ISTANBUL (AP) — Turkish President Recep Tayyip Erdogan said Friday that his country does not support any external interventions in South America, speaking after meeting with Venezuelan counterpart Nicolas Maduro.
Maduro and Erdogan oversaw the signing of five agreements for cooperation on air travel, tourism, culture, agriculture, and international crime. They discussed ways to deepen economic and energy ties and explored opportunities for military industry cooperation, the Turkish leader said.
Maduro’s visit to Turkey, the first by a Venezuelan head of state, comes amid stringent U.S. sanctions on the South American nation and a deepening political crisis in Venezuela as the country struggles with triple-digit inflation and widespread shortages.
In August, U.S. President Donald Trump said he wouldn’t rule out military action against Venezuela in response to the country’s descent into political chaos.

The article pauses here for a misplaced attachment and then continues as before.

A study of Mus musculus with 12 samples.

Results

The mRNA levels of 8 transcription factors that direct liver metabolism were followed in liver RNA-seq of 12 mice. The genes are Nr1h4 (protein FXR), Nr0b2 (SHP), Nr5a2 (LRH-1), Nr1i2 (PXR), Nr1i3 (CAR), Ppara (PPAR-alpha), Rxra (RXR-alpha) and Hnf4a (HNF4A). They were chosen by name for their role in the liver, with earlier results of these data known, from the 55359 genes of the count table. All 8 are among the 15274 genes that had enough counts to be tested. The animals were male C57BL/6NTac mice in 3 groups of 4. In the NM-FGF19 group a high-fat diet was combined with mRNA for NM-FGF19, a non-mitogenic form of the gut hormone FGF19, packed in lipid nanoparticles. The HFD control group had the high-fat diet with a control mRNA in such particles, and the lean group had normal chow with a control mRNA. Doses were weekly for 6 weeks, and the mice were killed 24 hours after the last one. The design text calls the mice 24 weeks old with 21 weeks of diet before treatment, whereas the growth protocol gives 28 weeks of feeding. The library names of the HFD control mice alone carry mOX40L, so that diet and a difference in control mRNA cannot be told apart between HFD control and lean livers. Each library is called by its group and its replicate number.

“I believe there is no force above that of the will of the people and we think that most of the time, foreign interventions deepen the problems,” Erdogan said, with Maduro standing by his side.
He added that he hoped to see Venezuela’s “difficult period” end as soon as possible, with “ease, dialogue and compromise.”
Maduro said he hoped to open a “new era” in relations with Turkey, and welcomed plans for the expansion of direct flights between Istanbul and Caracas.
At the request of Maduro, Turkey will also construct a mosque in Caracas, the Venezuelan capital, as well as a cultural center, Erdogan said.
Maduro’s visit follows a tour to Russia and to Belarus, where he discussed expanding military ties with the ex-Soviet nation.